Inaugural RCPI Patient Advocate Medal awarded to Laura Brennan

A Special Tribute

The Patient Advocate Medal was presented to Laura Brennan at today's launch of the HSE HPV vaccination programme for 2018/2019 for her dedication and tireless work in support of the HPV vaccination over the past year, despite her own personal experience of living with terminal cervical cancer.

We have presented Laura with this award today to publicly thank her and to acknowledge all the outstanding work and time that she has given to advocating for increased awareness of HPV cancers and for her constant efforts to improve the uptake of the HPV vaccine. What Laura has done is immeasurable. The increased uptake rate of 65% announced today shows that efforts to raise awareness of the importance of the vaccine are working and Laura has greatly contributed to that.

I want to take this opportunity to acknowledge the importance of the patient voice. It is the strongest and most important voice we have in working to improve our health services. It is essential for doctors to listen to patients which is key to ensuring we provide the best care and outcomes possible. We know how important our communication is and how valuable every contact we have with our patients is.

Professor Mary Horgan

RCPI President

The first award for patient advocacy 

This award is a very special addition to the historical awards given by the Royal College of Physicians of Ireland every year in recognition of excellence and achievements in medicine and now in recognition of advocacy for the health of the population.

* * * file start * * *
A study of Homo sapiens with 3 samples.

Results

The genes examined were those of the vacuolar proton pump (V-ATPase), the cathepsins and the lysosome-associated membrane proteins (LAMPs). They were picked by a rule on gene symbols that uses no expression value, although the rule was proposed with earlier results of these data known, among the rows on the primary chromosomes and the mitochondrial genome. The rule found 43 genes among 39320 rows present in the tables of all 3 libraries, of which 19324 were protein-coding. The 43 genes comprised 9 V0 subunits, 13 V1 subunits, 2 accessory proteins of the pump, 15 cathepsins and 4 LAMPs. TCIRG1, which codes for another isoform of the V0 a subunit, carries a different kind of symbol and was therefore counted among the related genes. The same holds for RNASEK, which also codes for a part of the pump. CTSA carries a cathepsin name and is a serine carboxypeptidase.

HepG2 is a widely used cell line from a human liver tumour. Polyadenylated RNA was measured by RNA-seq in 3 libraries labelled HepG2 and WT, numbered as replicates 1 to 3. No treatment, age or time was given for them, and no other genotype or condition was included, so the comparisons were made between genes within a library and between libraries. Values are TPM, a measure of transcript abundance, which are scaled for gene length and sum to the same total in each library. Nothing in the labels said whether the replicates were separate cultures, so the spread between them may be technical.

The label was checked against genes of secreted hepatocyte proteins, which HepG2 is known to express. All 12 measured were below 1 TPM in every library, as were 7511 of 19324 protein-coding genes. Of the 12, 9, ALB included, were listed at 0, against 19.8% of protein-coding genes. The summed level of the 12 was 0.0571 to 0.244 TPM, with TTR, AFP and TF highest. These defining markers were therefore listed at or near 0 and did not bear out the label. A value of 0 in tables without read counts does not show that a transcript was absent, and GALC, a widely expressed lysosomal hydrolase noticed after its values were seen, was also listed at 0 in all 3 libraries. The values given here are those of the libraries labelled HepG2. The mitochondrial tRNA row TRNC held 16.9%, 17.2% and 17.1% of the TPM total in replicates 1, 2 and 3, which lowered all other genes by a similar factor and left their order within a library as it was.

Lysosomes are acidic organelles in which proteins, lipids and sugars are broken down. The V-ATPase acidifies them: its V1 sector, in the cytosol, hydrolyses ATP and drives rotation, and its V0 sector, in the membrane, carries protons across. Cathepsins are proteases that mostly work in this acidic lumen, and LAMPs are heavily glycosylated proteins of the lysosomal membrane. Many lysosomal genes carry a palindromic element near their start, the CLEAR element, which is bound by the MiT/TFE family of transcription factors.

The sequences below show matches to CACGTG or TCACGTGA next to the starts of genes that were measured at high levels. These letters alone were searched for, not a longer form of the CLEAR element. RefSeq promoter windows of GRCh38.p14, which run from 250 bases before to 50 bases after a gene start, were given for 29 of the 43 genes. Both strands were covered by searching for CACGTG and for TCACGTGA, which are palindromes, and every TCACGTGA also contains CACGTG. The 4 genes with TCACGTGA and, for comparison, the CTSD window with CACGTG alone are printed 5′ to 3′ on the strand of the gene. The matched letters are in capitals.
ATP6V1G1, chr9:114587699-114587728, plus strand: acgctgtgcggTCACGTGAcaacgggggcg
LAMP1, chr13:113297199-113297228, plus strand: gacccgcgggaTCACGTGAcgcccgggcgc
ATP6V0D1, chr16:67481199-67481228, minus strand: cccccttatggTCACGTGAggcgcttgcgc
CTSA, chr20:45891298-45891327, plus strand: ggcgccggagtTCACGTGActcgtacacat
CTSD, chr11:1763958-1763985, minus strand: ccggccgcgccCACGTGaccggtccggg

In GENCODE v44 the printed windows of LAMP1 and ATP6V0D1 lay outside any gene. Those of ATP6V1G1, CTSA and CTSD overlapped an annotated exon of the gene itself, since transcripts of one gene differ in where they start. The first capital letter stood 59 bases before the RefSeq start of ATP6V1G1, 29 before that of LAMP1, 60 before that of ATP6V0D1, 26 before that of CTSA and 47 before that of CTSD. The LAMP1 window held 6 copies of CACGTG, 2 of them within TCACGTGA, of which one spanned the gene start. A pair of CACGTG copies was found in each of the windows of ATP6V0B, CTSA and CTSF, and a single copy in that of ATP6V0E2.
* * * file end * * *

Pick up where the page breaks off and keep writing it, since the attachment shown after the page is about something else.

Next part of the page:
As a doctor, as a Consultant in Infectious Diseases and also, as a mother, I am appealing today to parents to please have your daughter vaccinated in the upcoming schools programme. It could save her life. There are still 90 deaths in Ireland each year due to cervical cancer. An uptake rate of 95% could prevent those deaths. We have an opportunity to eliminate HPV infection. It is a safe and effective vaccine and prevents against cervical and other HPV-related cancers.

Prof Mary Horgan

Extending the vaccination programme to include boys

We look forward to the introduction of the vaccine for boys to the schools programme for the next schedule. Vaccinating boys and girls is the best opportunity we have to eliminate HPV-related cancers in Ireland.

While the HPV vaccine is currently offered to girls to protect them against cervical cancer, it is essential that boys are also protected from cancers, such as those of the head and neck that are often caused by HPV infection. There is an approximate 20% increase in oropharyngeal (throat) cancers. Nearly 50% of this rise in oropharyngeal disease is directly related to HPV, with almost 80% of those occurring in men, yet there is little awareness of the risks to men.

 

Parents need to inform themselves about the risks associated with HPV infection in boys by asking their GPs and referring to reliable websites, such as the World Health Organisation and accredited HSE websites.

Prof Mary Horgan

Human Papillomavirus

Human Papillomavirus (HPV) is the most common sexually transmitted infection worldwide. It affects 8 out of 10 people (80%), both male and female at some point during their lives, but the majority of them will not have any symptoms and will clear the virus spontaneously.

The virus can cause genital warts in others while persistent infection with certain HPV types can cause cancer of the cervix, cancer of the mouth and throat as well as other genital cancers, such as vaginal, vulval, penile, and anal cancers. It is estimated that HPV infection is responsible for up to 5% of all cancers worldwide.

Over 200 million doses of the HPV vaccine, have been given globally. The HPV vaccine has been shown to be safe and effective in both males and females. Some 20 countries have now introduced the vaccination for boys, including Australia where the uptake rate is up to 90%. In Ireland, the National Immunisation Advisory Committee has recommended that boys receive this vaccine.